Inside Job – Rediscovering ‘Money Movers’ (Australia 1978 – 92 mins)

Posted in Rediscover by - July 07, 2015
Inside Job – Rediscovering ‘Money Movers’ (Australia 1978 – 92 mins)

The gripping and twisty 1978 heist flick ‘Money Movers’ is the sort of movie that Australia excelled in at the time. Fast-paced, naturally acted and realistically shot, it wastes no time in setting up its riveting plot, and puts a vice-like grip on the viewer right from the opening scene.

Head of Security Eric Jackson, and his brother Brian (Terence Donovan and Bryan Brown) plan to rob their firms counting house to the tune of $20 million, unaware that local kingpin Henderson (Charles Tingwell) is also intent on doing so. Suspecting that a new employee; Leo Bassett (Tony Bonnor) may also be in on the operation, Eric uses his security skills to find out for sure who is trying to muscle in on his plan. After being captured and tortured by Henderson’s men, Eric reluctantly agrees to cut Henderson in on the take. Unfortunately for Eric, the robbery is interrupted by fellow employee and ex-cop; Dick Martin (Ed Devereaux), leading to much bloodshed and casualties on both sides.

Based on a 1972 novel by Devon Minchin, ‘Money Movers’ is one of those largely forgotten Aussie movies, but it’s a fantastic film, successfully mixing noir with exploitation. In a rare lead role Terence Donovan is superb as Eric, a smart and tough ex racing driver now stuck in a bored marriage. Donovan went on to have smaller roles in the acclaimed pictures ‘Breaker Morant’ (’80) and ‘Smash Palace’ (’81) before settling into television. Future Aussie superstar Bryan Brown impresses as Donovan’s hot-headed brother Brian, and Charles ‘Bud’ Tingwell plays his rare villain role with a quiet menace. Sexy Candy Raymond is also good as a devious former employee, and Ed Devereaux excels as the tough ex-cop Dick Martin.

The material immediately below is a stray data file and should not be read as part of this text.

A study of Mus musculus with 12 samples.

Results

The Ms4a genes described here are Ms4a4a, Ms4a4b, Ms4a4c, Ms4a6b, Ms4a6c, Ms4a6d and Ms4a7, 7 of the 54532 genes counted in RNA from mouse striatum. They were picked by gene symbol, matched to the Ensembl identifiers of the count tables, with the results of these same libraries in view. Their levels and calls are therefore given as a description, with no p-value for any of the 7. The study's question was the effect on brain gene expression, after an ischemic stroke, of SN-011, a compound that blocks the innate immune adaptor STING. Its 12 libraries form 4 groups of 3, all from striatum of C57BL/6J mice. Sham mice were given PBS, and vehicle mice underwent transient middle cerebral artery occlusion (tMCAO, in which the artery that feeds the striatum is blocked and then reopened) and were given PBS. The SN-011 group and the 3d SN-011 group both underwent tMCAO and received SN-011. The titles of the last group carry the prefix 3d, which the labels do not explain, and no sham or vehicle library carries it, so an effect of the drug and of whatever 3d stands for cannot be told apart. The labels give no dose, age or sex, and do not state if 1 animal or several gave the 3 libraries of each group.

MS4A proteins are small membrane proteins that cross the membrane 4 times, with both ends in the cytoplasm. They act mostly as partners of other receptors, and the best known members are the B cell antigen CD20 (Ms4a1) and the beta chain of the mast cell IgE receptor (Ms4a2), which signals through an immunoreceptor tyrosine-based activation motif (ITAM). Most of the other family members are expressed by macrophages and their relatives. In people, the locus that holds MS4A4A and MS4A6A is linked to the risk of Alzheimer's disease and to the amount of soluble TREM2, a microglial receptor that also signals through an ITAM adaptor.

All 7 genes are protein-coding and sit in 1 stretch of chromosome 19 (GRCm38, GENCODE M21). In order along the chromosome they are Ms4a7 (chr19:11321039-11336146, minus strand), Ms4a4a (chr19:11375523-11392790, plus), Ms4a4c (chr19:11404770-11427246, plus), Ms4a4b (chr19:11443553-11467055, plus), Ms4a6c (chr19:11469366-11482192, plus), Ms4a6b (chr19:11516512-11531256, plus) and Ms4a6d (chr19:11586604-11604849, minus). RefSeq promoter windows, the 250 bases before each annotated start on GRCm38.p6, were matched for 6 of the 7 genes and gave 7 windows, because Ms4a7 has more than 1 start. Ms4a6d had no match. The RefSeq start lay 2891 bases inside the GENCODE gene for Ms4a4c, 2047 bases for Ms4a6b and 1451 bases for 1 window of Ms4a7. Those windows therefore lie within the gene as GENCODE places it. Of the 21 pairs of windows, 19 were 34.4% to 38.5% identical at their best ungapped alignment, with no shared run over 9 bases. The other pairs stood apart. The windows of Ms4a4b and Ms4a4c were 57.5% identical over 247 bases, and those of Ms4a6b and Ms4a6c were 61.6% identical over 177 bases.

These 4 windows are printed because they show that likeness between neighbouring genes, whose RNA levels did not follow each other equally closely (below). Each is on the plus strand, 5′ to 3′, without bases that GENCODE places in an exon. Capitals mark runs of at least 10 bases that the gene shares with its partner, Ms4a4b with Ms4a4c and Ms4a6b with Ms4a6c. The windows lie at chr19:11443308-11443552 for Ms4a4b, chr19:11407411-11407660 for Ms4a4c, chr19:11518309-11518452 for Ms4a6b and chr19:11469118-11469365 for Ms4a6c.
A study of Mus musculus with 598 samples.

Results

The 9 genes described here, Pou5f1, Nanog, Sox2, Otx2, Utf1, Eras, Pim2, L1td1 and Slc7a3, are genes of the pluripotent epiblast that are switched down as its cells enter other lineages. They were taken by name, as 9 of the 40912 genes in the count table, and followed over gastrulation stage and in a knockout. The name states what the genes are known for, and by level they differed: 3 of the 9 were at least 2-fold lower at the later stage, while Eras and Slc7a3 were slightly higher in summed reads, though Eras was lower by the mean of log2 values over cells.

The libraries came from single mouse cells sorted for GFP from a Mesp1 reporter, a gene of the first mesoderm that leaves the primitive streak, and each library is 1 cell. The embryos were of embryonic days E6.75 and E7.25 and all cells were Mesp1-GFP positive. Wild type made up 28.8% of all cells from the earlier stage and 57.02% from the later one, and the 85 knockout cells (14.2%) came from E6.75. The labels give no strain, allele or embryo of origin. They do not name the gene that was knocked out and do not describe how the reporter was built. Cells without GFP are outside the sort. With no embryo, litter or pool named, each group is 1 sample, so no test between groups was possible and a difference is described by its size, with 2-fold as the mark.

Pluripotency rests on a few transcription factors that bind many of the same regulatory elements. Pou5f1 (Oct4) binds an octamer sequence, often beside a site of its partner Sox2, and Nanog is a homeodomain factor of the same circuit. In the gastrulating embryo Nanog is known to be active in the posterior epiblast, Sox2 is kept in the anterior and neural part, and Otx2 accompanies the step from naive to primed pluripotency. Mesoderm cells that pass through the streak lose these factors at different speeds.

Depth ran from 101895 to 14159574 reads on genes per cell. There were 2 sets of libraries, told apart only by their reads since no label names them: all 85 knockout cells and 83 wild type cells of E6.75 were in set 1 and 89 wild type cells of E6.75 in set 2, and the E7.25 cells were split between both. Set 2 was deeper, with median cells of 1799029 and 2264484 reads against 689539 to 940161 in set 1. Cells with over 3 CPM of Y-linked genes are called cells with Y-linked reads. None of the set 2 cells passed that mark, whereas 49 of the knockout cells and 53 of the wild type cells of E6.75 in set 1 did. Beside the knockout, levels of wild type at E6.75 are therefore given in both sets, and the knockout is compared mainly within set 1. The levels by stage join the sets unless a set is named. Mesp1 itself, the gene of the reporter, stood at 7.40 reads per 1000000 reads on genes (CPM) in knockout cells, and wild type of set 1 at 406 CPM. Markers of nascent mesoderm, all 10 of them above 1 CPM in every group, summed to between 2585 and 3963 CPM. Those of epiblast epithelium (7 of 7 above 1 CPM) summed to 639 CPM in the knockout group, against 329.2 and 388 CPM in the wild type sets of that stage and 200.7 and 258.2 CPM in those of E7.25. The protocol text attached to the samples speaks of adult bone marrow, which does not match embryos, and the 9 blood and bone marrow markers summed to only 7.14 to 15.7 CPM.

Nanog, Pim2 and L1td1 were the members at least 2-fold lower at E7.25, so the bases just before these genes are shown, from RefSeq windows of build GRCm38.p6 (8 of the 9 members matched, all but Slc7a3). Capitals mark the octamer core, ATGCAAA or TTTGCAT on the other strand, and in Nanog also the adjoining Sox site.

Bruce Beresford directed the movie with much energy and flair, although he had far greater success that year with the coming-of-age drama ‘The Getting of Wisdom’. Beresford would later forge a successful career in Hollywood, beginning with ‘Tender Mercies’ in 1983 and peaking with ‘Driving Miss Daisy’ in ’89. He also wrote ‘Money Movers’ excellent non-PC screenplay, while regular collaborator Donald McAlpine provided the realistic cinematography.

This fast moving thriller has many outstanding moments, including a handcuffed Eric fleeing his captors and almost kicking his way to freedom. But it’s the scene that follows that is the most memorable, when Eric has his little toe cut off by a pair of bolt-cutters in a brutally realistic scene. The climactic robbery is also very exciting and superbly staged, putting the viewer right among the bloody action.

With plentiful shootings, fights and shotgun blasts, ‘Money Movers’ is a brutal, bloody and quite brilliant crime flick, and with no dull moments in the entire film, is essential viewing for lovers of tough, gritty thrillers.